SUEZ Recycling and Recovery UK and Pyrum Innovations AG have revealed plans to build the UK’s first plant using pyrolysis technology for recycling end-of-life tyres. Pyrum’s patented technology is designed to extract reusable parts of scrap tyres – that can then go back into creating new tyres.
The one year partnership will lead to the creation of a new plant to carry out the work.
The agreement will see SUEZ identify a location for the first plant and initiate the approval process with support from Pyrum. As a result, the new facility will comprise three pyrolysis reactors with a recycling capacity of around 20,000 tonnes of end-of-life tyres per year.
In the UK, more than 50 million tyres are disposed of every year. This partnership is aiming to reduce the waste caused by this trend.
Out of those that are sent to waste facilities across the country, only 13.4 million of these are used as alternative fuel, with the remaining tyres shredded and ground into a new material called crumb which is used on sports pitches or playgrounds. The remaining tyres are sent for energy recovery or to landfill sites.
Pyrum’s patented pyrolysis reactor technology is looking to change this.
Through their innovative technology, the reactors will recover high-quality raw materials from tyres, saving up to 72% of CO2 emissions in the process when compared with current recycling methods. During the process at the new facility, tyres will be separated into their raw materials – oil, carbon black, and pyrolysis gas.
The carbon black is re-used in the manufacturing of new tyres. The oil is then recycled into new products. Then the pyrolysis gas taken from the old tyres will be used to power the plant itself.
According to SUEZ, more than half of the tyres used by British cars are not currently recycled. Although this is the first plant of its kind, the partnership is aiming to expand its operations.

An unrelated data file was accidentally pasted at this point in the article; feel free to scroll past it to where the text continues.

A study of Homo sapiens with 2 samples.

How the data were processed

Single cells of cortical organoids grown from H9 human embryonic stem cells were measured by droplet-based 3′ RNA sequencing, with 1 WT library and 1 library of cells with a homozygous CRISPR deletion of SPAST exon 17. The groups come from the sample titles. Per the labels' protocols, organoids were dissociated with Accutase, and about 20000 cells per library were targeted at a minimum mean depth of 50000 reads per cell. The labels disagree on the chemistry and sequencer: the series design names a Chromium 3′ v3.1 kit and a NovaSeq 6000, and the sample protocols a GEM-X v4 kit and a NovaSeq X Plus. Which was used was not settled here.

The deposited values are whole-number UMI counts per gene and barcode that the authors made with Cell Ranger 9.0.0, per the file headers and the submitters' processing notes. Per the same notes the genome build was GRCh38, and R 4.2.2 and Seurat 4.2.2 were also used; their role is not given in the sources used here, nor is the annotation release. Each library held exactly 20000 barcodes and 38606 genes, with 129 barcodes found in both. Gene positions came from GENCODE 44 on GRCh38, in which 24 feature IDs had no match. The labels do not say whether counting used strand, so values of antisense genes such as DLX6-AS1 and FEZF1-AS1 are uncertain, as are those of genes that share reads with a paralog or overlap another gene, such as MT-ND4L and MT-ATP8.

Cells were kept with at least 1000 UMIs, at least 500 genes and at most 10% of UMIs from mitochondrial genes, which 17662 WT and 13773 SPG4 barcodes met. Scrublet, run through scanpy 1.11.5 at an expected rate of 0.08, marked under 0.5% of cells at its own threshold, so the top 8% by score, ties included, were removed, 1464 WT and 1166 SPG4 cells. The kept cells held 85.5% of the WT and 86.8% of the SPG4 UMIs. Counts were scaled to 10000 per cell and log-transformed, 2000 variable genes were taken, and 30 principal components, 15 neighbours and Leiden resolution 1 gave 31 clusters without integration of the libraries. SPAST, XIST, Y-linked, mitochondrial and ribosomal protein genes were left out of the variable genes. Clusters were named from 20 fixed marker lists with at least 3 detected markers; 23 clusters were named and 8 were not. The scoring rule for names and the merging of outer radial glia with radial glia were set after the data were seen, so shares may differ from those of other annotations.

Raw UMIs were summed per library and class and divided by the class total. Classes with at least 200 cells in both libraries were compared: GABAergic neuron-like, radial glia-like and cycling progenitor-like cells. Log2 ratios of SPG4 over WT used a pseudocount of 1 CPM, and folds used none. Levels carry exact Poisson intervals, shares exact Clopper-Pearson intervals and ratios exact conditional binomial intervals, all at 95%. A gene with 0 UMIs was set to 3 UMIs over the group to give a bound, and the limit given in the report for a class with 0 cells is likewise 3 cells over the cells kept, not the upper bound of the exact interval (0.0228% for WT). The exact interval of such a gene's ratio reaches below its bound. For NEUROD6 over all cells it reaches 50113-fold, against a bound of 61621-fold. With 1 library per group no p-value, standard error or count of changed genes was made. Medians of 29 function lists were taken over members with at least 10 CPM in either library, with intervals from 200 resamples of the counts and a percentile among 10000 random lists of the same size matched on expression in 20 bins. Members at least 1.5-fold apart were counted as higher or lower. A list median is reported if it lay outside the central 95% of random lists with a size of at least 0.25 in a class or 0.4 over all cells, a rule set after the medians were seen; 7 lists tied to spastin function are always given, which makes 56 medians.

Through its partnership with SUEZ, Pyrum is planning to increase its pipeline for developing pyrolysis plants across Europe.
John Scanlon, Chief Executive Officer at SUEZ recycling and recovery UK, said: “This agreement marks an exciting milestone for SUEZ as leaders in the development of a more circular, resource efficient UK economy.
“With our expertise in delivering new infrastructure, SUEZ are the natural choice to pioneer this innovative technology in the UK, which will see a vast improvement in the recycling of end-of-life tyres, and a significant reduction in CO2 emissions compared with current tyre recycling technologies. We look forward to working with Pyrum over the coming year to develop plans for the first UK plant.”
Pascal Klein, CEO of Pyrum Innovations AG, continued: “The European rollout of our unique technology continues to progress.
“In SUEZ, we were able to partner with one of the leading companies in the field of sustainable solutions and innovative technologies for the British circular economy. Working together, Pyrum and SUEZ will benefit from each other’s expertise. The first site will now be identified as soon as possible. We will then work together to complete the approval process with the local authorities.”
Although this is still in its planning phase over the next year, there are opponents to the technology.
A study by Loughborough University in 2019 challenged the impact of pyrolysis. Study leader Dr Andrew Rollinson concluded: “This paper shows that self-sustaining pyrolysis, creating energy from waste, is thermodynamically unproven, practically implausible, and environmentally unsound.
“The result is we are putting more CO2 into the atmosphere by recycling waste via pyrolysis than if we simply burnt it.”